There's something irresistible about the idea of the great-granddaughter of psychoanalysis featuring a shrink in her novel. Has the author inherited an infallible nose for neuroses? Ironically, Freud seems just as bemused by analysis as the rest of us.
The twin subjects of the Freud dynasty, art and psychology, prop up this story, and none too convincingly, either. We start in 1953. "Gertrude Jilks, a child psychoanalyst, a woman with no children of her own", has arranged to receive a house guest, Max, a deaf painter. By the third paragraph, he has taken three connecting trains to reach the village of Steerborough, but on arrival remembers "with a pang that she disliked him". This may be so, but after a few chapters Gertrude will happily discuss "the power of soiling, how some children use it as a tool", as Max nervously fingers poppies in the garden.
This is a long novel. There follows chapter upon chapter of village detail, not so much carefully evoked as slapped down unwrapped on a parish plate. Struggling to emerge from beneath the mound of "pastry, sauce, chicken, custard [and] fruit" served up at a typical dinner is a plot of sorts. This cuts between Max and his circle in the 1950s and a present-day narrative.
Lily, the flimsy heroine of the contemporary storyline, is escaping the steel- and-brick metropolitan loft she shares with her cellphone-toting boyfriend, Nick. Curled up in a rented cottage, she reads love letters written in the 1930s by Lehmann, a German architect. These make her regret the lack of commitment in her own life; Nick scarcely takes her calls, let alone send passionate handwritten missives across Europe. A desultory fling follows with Grae, the stubbly, handy village charmer who may or may not be a wife-beater. This doesn't stop Lily from melting whenever he appears carrying a Mr Whippy.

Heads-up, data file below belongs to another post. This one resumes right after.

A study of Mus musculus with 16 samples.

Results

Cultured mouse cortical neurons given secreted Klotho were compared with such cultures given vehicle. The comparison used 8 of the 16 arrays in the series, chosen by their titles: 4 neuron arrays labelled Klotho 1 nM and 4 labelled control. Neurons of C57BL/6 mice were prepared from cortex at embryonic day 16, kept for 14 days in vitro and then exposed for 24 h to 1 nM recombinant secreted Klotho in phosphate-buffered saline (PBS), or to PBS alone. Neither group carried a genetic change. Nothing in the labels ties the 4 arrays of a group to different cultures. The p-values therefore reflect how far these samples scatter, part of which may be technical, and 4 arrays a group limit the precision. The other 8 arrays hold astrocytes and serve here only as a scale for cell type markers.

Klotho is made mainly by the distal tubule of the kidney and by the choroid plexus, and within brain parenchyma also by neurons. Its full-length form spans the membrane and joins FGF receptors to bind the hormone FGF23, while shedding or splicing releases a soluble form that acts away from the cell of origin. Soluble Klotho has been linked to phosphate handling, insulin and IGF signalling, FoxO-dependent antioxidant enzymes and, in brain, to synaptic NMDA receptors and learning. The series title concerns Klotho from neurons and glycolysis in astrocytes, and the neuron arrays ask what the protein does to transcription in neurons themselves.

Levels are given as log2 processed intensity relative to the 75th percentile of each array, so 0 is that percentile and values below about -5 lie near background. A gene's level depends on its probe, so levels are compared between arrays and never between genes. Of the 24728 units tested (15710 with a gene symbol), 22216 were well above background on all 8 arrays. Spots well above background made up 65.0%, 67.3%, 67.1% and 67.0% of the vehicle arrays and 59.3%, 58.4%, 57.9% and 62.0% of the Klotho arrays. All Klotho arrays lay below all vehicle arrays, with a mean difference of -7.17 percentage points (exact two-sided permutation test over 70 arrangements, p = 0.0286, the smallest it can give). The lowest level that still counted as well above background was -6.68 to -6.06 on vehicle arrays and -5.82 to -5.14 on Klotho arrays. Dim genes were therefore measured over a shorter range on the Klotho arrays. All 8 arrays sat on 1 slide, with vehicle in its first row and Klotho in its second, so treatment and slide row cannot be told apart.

Intercut with this are the breathless Tupperware gatherings of Gertrude, Max, Lehmann and Lehmann's staggeringly beautiful wife, Elsa. Guess who falls for Elsa across a crowded lawn? (It's not Gertrude, though it might have been interesting to have some sapphism among the scone set.) If that seems far-fetched, consider the furore that ensues when Gertrude inadvertently stumbles upon her sleeping house guest: "Max's penis danced before her. The head of it, the dance of its oval eye." This is a truly astonishing experience for her and us, compounded by Gertrude's heated emotions later as she recalls "the surprise of hair and testicles".
Perhaps this is a comedy? To be fair, there are a few penetrating insights: Gertrude, speculating about Hitler, wonders if he "had consulted a psychologist or if he had simply known that if you put a person in pyjamas you turned them into children and had them doubly in your power".
Freud's previous work is distinguished by her convincing young characters. Hideous Kinky and The Wild were seen through the eyes of wise children; Peerless Flats and Gaglow were told from adolescent perspectives. This novel, reliant on adult voices, flounders. The best sections are the architect's letters, based on real letters by Freud's grandfather. These have a poetic quality that the surrounding sections do not begin to match.
The invented characters act without motivation, morality or enthusiasm. They don't leap from the pages so much as squelch about blankly in syntactically bizarre paragraphs. Even the hot flashes of desire that Lily experiences for Grae, and her subsequent rolls in the dunes with him, take place without reflection or significant reappraisal of Nick. Ambivalence is absent. Freud has written and will write much better books than this.